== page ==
I know, I know: no one wants to talk politics. We want to live our lives, and remain happy, or be happier. I do, too! The trouble is that right now, they're everywhere: Twitter, Instagram, Facebook, the news, the papers, television in general... and whatever your position on them may be, getting away is sometimes really hard.
Creative folks like myself see this as a double challenge. It is, traditionally, the duty of many artists ("volatile creative types", if you'll allow me to quote an old cartoon) to reflect the world around them in their art, be it through obvious or subtle means. If we do not reflect the world we live in, we can reflect the world we wish for, and thus create a contrast. All of this reflection is very important in fast-changing times, as 2017 promises to be... but sometimes, it's just tiring to be a prism, or a mirror, or light-reflecting device of your choice. Sometimes, a creator wants to just sit down and have fun. The trouble is: with this traditional burden on our shoulders, should we feel guilty for just having fun?
Absolutely not. Now, as much as ever, people need fun. If you need to be reminded of that, print it out, tack it to a corkboard, paint it on your wall... whatever it takes to get the message across to your brain. (Sometimes mine needs a sledgehammer.) Ready? Let's get to work.
Oh, wait. ... Can you focus? I know that lately, I haven't been able to. My mind keeps drifting to all the better things I could be doing. There's so much contradiction: people need fun, but the world needs voices for change...
Yeah. That. Thanks for the demonstration, J.D.
So, if your standard creative-type person can manage to settle on the fact that they're going to practice BICHOK (butt-in-chair, hands-on-keyboard), how to keep the mind from wandering? There are several possibilities:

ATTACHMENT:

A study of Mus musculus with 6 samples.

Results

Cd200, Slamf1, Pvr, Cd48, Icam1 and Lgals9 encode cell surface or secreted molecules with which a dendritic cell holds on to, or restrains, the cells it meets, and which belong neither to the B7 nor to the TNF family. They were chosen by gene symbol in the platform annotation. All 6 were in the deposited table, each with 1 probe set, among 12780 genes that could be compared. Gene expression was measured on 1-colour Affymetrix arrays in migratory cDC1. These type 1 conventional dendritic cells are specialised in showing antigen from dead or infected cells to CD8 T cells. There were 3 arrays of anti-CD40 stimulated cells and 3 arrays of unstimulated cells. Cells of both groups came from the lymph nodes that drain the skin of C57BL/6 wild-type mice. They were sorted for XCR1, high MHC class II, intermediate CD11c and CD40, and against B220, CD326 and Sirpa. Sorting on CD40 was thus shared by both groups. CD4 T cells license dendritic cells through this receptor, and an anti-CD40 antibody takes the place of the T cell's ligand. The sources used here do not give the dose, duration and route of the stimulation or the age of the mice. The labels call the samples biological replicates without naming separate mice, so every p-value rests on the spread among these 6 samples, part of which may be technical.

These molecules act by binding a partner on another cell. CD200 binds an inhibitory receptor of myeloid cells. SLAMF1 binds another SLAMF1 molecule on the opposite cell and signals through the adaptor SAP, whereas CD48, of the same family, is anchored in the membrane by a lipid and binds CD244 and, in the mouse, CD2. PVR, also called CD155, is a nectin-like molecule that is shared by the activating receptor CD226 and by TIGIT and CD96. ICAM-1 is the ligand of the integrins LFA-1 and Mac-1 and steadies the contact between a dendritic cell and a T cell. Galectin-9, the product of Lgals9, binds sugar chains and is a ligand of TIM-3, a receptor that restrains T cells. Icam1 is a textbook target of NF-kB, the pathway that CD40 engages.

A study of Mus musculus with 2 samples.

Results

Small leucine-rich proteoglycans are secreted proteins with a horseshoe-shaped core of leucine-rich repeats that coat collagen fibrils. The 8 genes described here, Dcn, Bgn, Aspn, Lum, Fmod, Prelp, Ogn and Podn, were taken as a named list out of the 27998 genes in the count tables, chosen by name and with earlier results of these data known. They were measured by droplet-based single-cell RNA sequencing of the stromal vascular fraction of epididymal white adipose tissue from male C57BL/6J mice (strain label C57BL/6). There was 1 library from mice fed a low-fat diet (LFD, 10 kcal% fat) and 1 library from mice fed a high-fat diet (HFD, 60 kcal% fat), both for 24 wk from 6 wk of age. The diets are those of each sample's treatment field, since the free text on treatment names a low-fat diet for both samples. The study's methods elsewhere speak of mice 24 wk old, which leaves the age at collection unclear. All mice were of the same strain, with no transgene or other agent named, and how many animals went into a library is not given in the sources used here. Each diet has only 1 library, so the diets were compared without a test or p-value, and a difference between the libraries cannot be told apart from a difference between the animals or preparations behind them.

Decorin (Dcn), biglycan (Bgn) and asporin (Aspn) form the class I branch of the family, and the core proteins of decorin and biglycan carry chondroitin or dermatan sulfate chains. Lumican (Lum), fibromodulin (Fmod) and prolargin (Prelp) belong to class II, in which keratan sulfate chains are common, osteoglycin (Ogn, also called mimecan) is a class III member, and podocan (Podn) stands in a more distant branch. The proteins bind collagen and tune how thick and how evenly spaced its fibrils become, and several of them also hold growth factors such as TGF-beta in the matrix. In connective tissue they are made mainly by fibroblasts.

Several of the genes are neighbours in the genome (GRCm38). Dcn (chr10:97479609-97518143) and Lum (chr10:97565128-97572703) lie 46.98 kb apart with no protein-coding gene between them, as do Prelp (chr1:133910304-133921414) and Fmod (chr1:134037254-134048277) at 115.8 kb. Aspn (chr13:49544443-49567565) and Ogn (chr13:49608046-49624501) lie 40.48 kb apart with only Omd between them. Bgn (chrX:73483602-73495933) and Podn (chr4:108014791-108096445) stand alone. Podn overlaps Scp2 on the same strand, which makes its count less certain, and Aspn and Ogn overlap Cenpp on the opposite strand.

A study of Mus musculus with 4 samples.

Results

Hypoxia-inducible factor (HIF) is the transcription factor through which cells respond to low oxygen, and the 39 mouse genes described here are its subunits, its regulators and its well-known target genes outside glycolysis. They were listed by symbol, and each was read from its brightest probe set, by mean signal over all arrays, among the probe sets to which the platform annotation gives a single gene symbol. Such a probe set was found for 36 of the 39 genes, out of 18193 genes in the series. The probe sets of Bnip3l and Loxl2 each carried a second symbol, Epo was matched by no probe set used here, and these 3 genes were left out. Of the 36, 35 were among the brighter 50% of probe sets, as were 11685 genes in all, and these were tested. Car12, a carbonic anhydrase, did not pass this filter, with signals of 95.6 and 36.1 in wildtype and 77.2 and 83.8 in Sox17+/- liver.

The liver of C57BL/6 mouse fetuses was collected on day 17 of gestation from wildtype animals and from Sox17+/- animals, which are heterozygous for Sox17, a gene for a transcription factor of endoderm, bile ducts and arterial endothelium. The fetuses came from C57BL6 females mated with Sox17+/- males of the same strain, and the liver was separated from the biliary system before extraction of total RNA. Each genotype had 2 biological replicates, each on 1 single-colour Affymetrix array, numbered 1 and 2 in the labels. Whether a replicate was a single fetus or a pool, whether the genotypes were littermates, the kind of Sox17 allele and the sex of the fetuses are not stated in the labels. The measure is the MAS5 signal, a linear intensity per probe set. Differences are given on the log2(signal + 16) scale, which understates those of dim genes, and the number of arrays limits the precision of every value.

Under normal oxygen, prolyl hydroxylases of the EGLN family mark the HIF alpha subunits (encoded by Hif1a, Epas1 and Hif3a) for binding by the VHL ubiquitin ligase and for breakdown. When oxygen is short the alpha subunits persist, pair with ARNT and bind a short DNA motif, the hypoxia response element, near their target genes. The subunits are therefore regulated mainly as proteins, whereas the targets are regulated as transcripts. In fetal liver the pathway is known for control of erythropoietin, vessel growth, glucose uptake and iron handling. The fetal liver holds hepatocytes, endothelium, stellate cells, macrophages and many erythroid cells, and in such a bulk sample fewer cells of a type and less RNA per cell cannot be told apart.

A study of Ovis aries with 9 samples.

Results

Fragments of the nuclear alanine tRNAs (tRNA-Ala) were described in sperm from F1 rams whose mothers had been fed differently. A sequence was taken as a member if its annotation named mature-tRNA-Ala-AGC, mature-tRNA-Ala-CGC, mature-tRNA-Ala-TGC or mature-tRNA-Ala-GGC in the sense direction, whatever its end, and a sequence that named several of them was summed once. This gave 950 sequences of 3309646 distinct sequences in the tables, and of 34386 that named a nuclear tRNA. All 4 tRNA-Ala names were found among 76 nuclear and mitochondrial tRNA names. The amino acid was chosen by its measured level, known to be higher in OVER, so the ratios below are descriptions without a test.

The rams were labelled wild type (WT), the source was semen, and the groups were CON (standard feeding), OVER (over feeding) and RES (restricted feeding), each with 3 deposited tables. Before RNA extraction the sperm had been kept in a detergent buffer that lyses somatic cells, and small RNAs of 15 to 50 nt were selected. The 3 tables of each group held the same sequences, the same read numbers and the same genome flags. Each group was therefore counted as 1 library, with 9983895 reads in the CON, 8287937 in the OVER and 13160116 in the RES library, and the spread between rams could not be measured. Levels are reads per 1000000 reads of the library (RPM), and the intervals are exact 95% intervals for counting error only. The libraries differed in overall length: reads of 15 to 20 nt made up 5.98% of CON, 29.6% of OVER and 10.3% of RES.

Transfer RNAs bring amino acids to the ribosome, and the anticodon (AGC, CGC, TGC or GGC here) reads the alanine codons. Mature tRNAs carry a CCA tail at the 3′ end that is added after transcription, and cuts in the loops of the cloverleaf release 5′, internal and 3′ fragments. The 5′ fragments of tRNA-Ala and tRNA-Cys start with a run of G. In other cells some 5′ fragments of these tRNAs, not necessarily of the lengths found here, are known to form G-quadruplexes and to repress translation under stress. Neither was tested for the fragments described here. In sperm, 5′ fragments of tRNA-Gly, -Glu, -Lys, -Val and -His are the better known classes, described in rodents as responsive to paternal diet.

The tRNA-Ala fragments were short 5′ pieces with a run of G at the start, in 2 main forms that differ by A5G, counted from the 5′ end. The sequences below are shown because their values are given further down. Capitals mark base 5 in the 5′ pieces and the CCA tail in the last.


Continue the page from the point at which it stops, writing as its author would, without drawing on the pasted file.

Writing sprints - they aren't just for NaNoWriMo anymore! Set a timer for as long as you feel like you can easily focus. There's no shame in starting small: five, ten, fifteen minutes... even one! Put down what you can in that time, and treat it like meditation: if you find that your mind is starting to wander, just bring it gently back to your writing. One version of this is the Pomodoro technique: write for 25 minutes, take a break for five, repeat.
GET THE REAL PAPER OUT.
Sometimes longhand writing really is the best way to go about it, and keep from being distracted. It also has the bonus of being portable - you can write anywhere. If you already do this, and you find your focus waning, switch to typing and see how you do... but use an application like Cold Turkey to limit your website use. There are plenty of other internet browser add-ons that fit a similar bill.
If you can't write, doodle. Make an inspiration board on Pinterest. Do some writing-related research. Go over your outline. Chances are, if you do something related to your project, it will spark something after long enough, and you'll be able to start churning out the words!
Build yourself a writing playlist, or find music that helps you focus. If I don't have a set playlist, or the time to make one, I'm finding that electronic instrumentals do the trick for me. (If you're curious, you can check out my Pandora station.)
SET A DEADLINE.
"I'm gonna have this chapter done by the end of the week, so help me..."
DON'T SET A DEADLINE.
The world won't end if you don't finish. Remember: if your head explodes, you'll never make it as an author.
WHEN ALL ELSE FAILS, BRIBE.
No writing done? No ice cream. No new episode of Insert Favorite TV Show Here. No buying That Thing You Saw And Really Want. That's all there is to it. Your parents knew where it was at, guys. (Hi, Mom!)
So, there you have it ... a few techniques that I've proven work for me. If they work for you, go right ahead and rock them! If not ... I promise, I won't be offended. If you have a trick that helps you focus, please leave it in the comments below!